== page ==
LOS ANGELES — The Transportation Security Administration officer who was killed by a rampaging gunman at Los Angeles International Airport is being honored Tuesday at a public memorial service.

Transportation Security Administration head John Pistole, Attorney General Eric Holder, Acting Secretary of Homeland Security Rand Beers, Mayor Eric Garcetti and other officials were expected to speak at Tuesday's service for Gerardo Hernandez at the Los Angeles Memorial Sports Arena.

Hernandez, 39, was the first TSA officer killed in the line of duty. Airports across the nation held a moment of silence Friday at the time he was shot.

Born in El Salvador, Hernandez was the youngest of four boys. He moved to the United States when he was 15. Four years later, he met his wife, and they married on Valentine's Day in 1998.

Friends described him as doting father of two.

Hernandez had worked at LAX since 2010. He was shot a week before his 40th birthday.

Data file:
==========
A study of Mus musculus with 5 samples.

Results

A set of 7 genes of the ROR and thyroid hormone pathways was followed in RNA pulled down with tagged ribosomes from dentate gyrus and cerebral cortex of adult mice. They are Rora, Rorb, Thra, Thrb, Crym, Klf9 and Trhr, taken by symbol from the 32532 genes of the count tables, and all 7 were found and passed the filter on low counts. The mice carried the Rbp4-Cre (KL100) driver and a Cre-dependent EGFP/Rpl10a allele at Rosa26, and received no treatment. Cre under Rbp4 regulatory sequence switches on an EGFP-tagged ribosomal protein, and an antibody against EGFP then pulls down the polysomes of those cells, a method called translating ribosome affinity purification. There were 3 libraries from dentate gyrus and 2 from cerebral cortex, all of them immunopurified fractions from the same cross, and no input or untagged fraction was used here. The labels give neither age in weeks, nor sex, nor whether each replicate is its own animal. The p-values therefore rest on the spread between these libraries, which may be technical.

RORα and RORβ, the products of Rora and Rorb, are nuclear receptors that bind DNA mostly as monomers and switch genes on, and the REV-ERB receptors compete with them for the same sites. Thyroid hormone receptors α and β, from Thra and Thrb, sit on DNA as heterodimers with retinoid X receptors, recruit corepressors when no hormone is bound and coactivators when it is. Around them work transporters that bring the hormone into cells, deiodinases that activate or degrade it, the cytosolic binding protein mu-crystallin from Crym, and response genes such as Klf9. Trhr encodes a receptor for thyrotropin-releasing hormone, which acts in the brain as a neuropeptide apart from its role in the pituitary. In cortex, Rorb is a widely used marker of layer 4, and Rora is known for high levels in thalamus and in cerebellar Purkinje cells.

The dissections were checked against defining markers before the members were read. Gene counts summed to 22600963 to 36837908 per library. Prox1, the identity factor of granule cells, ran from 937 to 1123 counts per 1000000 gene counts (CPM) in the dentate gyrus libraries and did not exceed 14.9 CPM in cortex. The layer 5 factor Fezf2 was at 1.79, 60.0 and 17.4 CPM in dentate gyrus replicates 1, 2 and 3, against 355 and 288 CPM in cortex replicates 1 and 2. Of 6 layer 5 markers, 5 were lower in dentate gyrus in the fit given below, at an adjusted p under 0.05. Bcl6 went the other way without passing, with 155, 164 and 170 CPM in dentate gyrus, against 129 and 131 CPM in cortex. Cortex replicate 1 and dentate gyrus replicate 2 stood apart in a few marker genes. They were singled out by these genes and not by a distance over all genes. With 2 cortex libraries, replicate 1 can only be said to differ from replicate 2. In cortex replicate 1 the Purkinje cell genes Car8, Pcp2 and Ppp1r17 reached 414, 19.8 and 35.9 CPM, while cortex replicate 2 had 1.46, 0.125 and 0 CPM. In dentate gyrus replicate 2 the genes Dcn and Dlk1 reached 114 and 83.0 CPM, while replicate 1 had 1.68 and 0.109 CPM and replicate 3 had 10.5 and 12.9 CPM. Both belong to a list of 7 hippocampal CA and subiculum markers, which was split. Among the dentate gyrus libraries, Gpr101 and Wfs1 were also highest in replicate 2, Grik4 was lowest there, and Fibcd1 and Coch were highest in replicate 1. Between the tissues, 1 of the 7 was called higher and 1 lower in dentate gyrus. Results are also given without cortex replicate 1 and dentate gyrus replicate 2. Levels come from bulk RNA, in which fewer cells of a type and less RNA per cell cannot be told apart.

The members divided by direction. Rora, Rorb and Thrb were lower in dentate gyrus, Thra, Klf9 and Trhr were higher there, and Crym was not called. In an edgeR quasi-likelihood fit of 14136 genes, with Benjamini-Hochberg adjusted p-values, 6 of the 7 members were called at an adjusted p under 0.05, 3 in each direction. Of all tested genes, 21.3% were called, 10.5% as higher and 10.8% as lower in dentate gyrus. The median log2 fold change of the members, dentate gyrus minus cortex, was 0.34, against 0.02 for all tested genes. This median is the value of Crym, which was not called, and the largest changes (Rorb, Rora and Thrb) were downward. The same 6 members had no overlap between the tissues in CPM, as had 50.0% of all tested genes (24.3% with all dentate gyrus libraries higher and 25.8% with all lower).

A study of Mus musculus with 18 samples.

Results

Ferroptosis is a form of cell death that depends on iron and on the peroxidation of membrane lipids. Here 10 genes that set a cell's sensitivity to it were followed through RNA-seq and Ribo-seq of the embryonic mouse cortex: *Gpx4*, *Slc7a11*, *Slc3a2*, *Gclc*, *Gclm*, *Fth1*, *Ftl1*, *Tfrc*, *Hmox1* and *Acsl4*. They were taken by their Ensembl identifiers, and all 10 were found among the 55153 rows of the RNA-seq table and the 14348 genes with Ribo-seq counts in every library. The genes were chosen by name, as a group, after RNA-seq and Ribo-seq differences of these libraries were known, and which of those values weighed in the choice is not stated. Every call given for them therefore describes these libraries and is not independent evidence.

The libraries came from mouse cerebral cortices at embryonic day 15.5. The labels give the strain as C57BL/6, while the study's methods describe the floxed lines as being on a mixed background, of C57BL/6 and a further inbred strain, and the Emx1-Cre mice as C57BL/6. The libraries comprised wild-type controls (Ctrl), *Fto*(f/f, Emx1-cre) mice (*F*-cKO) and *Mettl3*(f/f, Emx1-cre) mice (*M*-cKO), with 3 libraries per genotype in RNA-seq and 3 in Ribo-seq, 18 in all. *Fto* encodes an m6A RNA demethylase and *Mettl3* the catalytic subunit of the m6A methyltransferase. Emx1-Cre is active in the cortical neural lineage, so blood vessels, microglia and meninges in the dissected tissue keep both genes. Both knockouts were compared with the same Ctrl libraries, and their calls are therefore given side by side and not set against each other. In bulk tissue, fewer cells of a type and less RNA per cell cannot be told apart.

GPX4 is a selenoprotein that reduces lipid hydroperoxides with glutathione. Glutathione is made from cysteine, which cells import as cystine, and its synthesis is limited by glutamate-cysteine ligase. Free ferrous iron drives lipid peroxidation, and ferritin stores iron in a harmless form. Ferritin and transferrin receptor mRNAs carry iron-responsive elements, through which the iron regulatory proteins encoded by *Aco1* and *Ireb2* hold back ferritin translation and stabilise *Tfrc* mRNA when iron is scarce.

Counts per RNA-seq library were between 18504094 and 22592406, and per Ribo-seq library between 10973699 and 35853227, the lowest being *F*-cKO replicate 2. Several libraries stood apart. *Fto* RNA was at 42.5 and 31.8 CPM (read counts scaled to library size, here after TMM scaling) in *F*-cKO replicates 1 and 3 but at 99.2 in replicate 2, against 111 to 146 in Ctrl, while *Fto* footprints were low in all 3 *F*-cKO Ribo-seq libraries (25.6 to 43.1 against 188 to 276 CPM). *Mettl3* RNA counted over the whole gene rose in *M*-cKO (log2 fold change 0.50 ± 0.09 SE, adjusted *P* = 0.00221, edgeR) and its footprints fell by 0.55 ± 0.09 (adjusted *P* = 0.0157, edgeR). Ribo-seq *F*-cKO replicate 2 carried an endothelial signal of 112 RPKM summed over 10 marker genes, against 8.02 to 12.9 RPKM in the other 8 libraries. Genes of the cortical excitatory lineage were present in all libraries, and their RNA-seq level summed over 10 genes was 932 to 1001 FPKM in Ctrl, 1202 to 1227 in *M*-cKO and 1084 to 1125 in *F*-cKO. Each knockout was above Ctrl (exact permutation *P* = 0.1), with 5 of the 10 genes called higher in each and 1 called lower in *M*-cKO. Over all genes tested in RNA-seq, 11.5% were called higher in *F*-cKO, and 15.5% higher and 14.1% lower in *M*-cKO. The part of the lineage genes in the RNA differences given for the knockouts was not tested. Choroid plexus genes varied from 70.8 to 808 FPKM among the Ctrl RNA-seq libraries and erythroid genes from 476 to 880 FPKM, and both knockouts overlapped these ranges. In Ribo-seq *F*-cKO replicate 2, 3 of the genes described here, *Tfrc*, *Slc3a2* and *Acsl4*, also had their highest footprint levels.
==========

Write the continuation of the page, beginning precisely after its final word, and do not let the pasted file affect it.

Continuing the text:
Hernandez was checking IDs and boarding passes at Terminal 3 on Nov. 1 when a gunman walked up, pulled a semi-automatic rifle from a duffel bag and shot him at point-blank range, then shot him again as he lay wounded, authorities have said.

The shots sent swarms of passengers fleeing to find hiding places. Two other TSA officers and a teacher waiting at a security checkpoint were wounded within minutes before airport police shot the gunman four times in the mouth and leg.

Paul Ciancia, who remains hospitalized, has been charged with first-degree murder of a federal officer and committing violence at an international airport, but he will not appear in court until he is cleared by doctors.

Ciancia, a 23-year-old unemployed motorcycle mechanic, had a handwritten letter stating that he made the conscious decision to try to kill multiple TSA officers and "instill fear in your traitorous minds." Authorities have said he targeted TSA officers, although a precise motive for the attack remained unclear.

Federal agents were investigating possible ties between Ciancia and a widely circulated conspiracy theory that the U.S. government is preparing to establish a totalitarian state.